Show floods Talbot Rice with coloured light

Multi-coloured light and sound fills the University’s Talbot Rice Gallery as part of its new exhibition exploring the lines between music and politics, poetry and place, composition and colour.

Glasgow-based artists Ross Birrell and David Harding’s show, where language ends, brings together stories of exile and conflict with the words of poets such as John Keats and Wojtek the Bear, one of Edinburgh Zoo's most famous former inhabitants.

Image from the "where language ends" exhibition showing a model of Wojtek the bear

Photograph copyright: Chris Park, Talbot Rice Gallery

Music as colour and light

The variations of blue, red and gold light in the Gallery refer to composers - often living in exile - who used modern techniques of transposition.

These techniques reflect the Birrell and Harding’s own method of composition, in which letters from lines of text are rearranged into musical notational.

Sonata, which is playing in the Georgian Gallery, is based upon a composition developed by Birrell over three years and is taken from lines by poets John Keats, Percy Bysshe Shelley and Gregory Corso.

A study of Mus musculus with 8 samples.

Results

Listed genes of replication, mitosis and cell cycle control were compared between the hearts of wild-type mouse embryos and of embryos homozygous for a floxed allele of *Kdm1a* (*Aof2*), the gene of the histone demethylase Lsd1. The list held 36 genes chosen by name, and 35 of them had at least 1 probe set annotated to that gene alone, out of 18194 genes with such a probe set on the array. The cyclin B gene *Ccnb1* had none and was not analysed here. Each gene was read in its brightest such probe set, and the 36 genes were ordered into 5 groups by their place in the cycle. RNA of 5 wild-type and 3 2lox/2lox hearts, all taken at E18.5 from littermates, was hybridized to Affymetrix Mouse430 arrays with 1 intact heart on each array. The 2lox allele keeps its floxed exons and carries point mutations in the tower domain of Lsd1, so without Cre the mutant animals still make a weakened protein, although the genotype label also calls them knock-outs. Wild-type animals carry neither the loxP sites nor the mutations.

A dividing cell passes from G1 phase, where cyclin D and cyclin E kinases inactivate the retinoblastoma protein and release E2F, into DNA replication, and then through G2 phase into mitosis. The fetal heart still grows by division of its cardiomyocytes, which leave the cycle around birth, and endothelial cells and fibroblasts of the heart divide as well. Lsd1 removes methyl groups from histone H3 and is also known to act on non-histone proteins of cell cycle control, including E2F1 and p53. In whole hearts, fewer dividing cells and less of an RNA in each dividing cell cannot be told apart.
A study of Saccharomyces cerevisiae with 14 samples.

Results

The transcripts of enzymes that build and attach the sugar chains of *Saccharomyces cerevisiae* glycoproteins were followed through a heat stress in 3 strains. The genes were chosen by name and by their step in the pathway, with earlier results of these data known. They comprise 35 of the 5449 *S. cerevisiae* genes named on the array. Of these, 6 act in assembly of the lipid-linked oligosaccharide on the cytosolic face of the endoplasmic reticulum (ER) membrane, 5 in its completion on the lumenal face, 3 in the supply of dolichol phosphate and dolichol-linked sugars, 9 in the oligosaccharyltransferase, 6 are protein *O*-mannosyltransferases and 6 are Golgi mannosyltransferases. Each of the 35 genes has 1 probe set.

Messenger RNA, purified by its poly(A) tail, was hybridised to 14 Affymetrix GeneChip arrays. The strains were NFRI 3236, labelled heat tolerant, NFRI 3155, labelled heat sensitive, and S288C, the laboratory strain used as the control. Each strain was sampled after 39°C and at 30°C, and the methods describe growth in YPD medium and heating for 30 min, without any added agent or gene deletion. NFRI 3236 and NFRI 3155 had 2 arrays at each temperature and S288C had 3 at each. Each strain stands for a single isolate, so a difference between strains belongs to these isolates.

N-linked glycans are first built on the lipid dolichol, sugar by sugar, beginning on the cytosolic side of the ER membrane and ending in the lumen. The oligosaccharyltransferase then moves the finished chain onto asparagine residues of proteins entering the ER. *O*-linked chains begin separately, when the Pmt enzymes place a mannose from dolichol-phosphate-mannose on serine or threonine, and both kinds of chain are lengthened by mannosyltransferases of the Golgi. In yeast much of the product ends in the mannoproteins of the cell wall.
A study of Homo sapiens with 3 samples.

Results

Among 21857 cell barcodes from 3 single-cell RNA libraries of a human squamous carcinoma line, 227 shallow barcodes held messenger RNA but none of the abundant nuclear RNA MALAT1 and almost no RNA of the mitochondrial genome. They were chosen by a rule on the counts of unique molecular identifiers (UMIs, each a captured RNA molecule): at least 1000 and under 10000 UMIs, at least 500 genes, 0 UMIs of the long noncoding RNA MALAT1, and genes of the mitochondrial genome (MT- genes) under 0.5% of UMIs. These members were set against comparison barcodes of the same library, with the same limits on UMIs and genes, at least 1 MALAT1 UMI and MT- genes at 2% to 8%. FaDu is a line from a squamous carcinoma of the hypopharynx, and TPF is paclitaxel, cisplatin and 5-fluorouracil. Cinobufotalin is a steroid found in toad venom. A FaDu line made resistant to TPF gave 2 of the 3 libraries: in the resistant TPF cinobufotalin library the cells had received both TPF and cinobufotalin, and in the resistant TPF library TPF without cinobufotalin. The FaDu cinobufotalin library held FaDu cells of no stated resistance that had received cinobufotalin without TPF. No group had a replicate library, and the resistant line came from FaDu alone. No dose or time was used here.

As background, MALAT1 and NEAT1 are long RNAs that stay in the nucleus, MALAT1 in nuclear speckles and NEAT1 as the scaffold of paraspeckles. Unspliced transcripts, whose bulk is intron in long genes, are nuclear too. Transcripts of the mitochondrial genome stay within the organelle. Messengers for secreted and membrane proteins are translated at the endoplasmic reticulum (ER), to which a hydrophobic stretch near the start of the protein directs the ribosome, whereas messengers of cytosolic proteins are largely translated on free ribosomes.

Unspoken commentaries

Music links the exhibition’s different elements of the exhibition. Video installations of international musicians performing in single takes form unspoken commentaries on subjects such as violence against women and the ongoing political troubles between Israel and Palestine.

where language ends

The exhibition is free.The Gallery is open Saturday 12pm-5pm and closed Sundays.

Saturday 14 March 2015, 11.00am

Saturday 2 May 2015, 5.00pm

Talbot Rice Gallery, The University of Edinburgh, Old College, South Bridge, Edinburgh, EH8 9YL

Wojtek the Bear

The exhibition also features two sculptures of Wojtek the bear. In 1942 Stalin released members of the Polish Army from captivity in Siberia.

En route to the Middle East to join the Allied forces, the soldiers acquired a bear cub. They christened it Wojtek, which means ‘he who loves battles’ or ‘the smiling warrior’.

To enable Wojtek to join them in the Allied invasion of Italy he was formally enlisted and 'fought' with his companions at the Battle of Monte Cassino. After the war he moved to Edinburgh Zoo where he died in 1963.